Move 50,000 civil servants to northern 'clusters' to break London 'stranglehold' on policymaking, think tank says

Manchester, Warrington and Liverpool among most promising locations for hubs of similar public organisations, says report on levelling-up agenda
Manchester is one promising location for the education cluster, the Northern Policy Foundation said. Photo: Adobe Stock Images

The government’s plan to move civil servants out of London should include shifting nearly 50,000 civil servants to the north of England – and must not just focus on junior roles, a think tank has said.

In a report this week the Northern Policy Foundation, whose board members include Conservative MPs in northern “red wall” seats, called for 49,500 civil service jobs to relocate.

The move could have a £3bn boost for other regions and improve “decision-making, diversity of thought, career opportunities, quality of life and, probably most importantly, breaking the stranglehold of the middle-class London intelligentsia on policy making in the UK”, the foundation said.

The report proposes the formation of 11 “clusters” of complementary organisations, which it said both benefit each other and encourage private-sector investment nearby. The Cabinet Office should create programme management office to coordinate the moves, it said.

Manchester, Warrington and Liverpool were among the most promising locations for these clusters, according to an index that looked at local industries, populations and other relevant factors. Leeds, Salford and Trafford followed, with York, Newcastle and Chester also making the top 10.

And different clusters could be best suited to different towns, the NPF said. An economic cluster comprised of the Treasury, Office for Budget Responsibility and National Infrastructure Commission should be based in either Leeds or Manchester, it argued, based on the financial and insurance industries’ presences there, as well as local professional, scientific and technical expertise.

An education cluster, made up of more than 3,300 officials from Ofqual, Ofsted, Esfa, the Institute for Apprenticeships and the Social Mobility Commission, should meanwhile be based in Lancaster or Middlesborough, it said.

And a business and jobs cluster, which would relocate nearly 7,000 jobs from organisations including the Department for Business, Energy and Industrial Strategy, the Department for Work and Pensions and the Industrial Strategy Council, should go to Stockton-on-Tees or Cheshire East, it said – based on the local manufacturing, scientific and technical, construction and electricity, gas and steam industries.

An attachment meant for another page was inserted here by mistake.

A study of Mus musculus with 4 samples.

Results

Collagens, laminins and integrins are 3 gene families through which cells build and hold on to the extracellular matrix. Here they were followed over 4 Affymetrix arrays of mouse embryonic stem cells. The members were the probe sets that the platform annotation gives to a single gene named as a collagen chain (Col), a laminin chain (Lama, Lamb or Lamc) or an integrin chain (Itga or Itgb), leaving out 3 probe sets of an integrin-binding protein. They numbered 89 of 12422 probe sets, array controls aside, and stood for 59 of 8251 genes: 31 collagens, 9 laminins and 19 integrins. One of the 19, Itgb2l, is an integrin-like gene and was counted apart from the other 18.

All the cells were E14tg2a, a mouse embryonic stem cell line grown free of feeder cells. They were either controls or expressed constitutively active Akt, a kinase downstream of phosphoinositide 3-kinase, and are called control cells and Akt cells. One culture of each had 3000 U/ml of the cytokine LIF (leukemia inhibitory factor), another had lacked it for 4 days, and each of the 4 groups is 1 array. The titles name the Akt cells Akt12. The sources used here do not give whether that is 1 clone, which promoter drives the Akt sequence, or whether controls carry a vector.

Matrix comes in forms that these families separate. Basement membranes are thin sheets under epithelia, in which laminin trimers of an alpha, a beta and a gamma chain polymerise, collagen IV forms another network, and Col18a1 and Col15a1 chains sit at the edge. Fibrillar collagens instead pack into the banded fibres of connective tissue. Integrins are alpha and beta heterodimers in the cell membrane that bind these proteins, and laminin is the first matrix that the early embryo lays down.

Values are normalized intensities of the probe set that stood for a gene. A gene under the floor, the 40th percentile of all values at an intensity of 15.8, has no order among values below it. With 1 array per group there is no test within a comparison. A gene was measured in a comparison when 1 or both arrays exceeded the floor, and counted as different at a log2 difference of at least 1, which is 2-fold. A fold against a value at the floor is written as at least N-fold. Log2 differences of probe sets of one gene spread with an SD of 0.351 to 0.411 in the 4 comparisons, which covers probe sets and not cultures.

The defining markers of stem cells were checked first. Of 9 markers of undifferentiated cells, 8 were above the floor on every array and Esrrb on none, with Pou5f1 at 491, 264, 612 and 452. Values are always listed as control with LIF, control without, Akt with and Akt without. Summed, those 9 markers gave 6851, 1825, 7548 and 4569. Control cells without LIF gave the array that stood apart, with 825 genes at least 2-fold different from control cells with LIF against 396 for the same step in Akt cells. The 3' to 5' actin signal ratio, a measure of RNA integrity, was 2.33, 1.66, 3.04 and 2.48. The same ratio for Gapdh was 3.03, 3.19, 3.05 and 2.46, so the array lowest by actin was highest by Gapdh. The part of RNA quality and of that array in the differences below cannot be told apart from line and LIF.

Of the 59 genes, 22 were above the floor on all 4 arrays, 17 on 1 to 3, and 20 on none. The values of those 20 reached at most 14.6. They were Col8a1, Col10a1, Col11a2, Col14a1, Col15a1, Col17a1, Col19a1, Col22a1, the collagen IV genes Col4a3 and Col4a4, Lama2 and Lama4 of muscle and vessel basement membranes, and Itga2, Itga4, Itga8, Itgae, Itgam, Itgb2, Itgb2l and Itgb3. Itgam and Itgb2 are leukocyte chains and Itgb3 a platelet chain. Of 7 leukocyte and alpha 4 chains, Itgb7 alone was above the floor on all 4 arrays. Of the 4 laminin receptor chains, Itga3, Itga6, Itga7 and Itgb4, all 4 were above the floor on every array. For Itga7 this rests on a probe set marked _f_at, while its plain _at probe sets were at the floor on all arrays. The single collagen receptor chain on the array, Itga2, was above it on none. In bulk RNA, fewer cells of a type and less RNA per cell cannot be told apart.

Ministerial teams should spend some of their time in regional offices, the report said.

But the report – which was published with positive comments from Cabinet Office minister Michael Gove – said the move can only succeed if it avoids the pitfalls previous attempts to diversify the geography of the civil service have fallen into.

It says the government must have a clear purpose behind its drive to relocate civil servants – “levelling-up through the creation and movement of high-quality knowledge-based jobs which can also improve policy development and break groupthink”. Critically, it would be “wrong” to make a move based on cost savings, as past efforts have been, it says.

And relocation efforts must involve a large proportion of senior civil servants and policy specialists. At the moment, seven out of 10 officials in senior grades are based in London – which the NPF said effectively meant government presences in other regions acted as “civil service factories” of junior grades in delivery roles.

The report also called on the government to think carefully about the destinations of new government hubs. It said previous cost-saving drives had led departments to set up offices in industrial and business parks outside towns – which it said “generally lowers the regeneration benefits of any relocation”.

And relocation plans should take into account the local labour market, by choosing destinations with a deep enough labour market to fill vacant roles, as well as promising opportunities for civil servants who relocate and then want to go onto other jobs in future outside public service.

Once promising locations have been identified, the government should then leverage its name, credit rating and purchasing power to secure flexible and good-value office space – avoiding long lease agreements.

Commenting on its publication, Gove said the report “adds to the economic, social, moral and intellectual imperative for change as well as laying out some of the benefits to levelling-up, decision making, tackling groupthink and ensuring that powerful voices within every arm of government are better in tune with the majority of public opinion”.

“Despite efforts of the past, all major government departments are still based in London, with the concentration of senior, policy and economic jobs that comes with it,” he added.

“We can and will work to reduce the distance between government and the people by relocating government decision-making centres to different parts of our United Kingdom - including the north of England."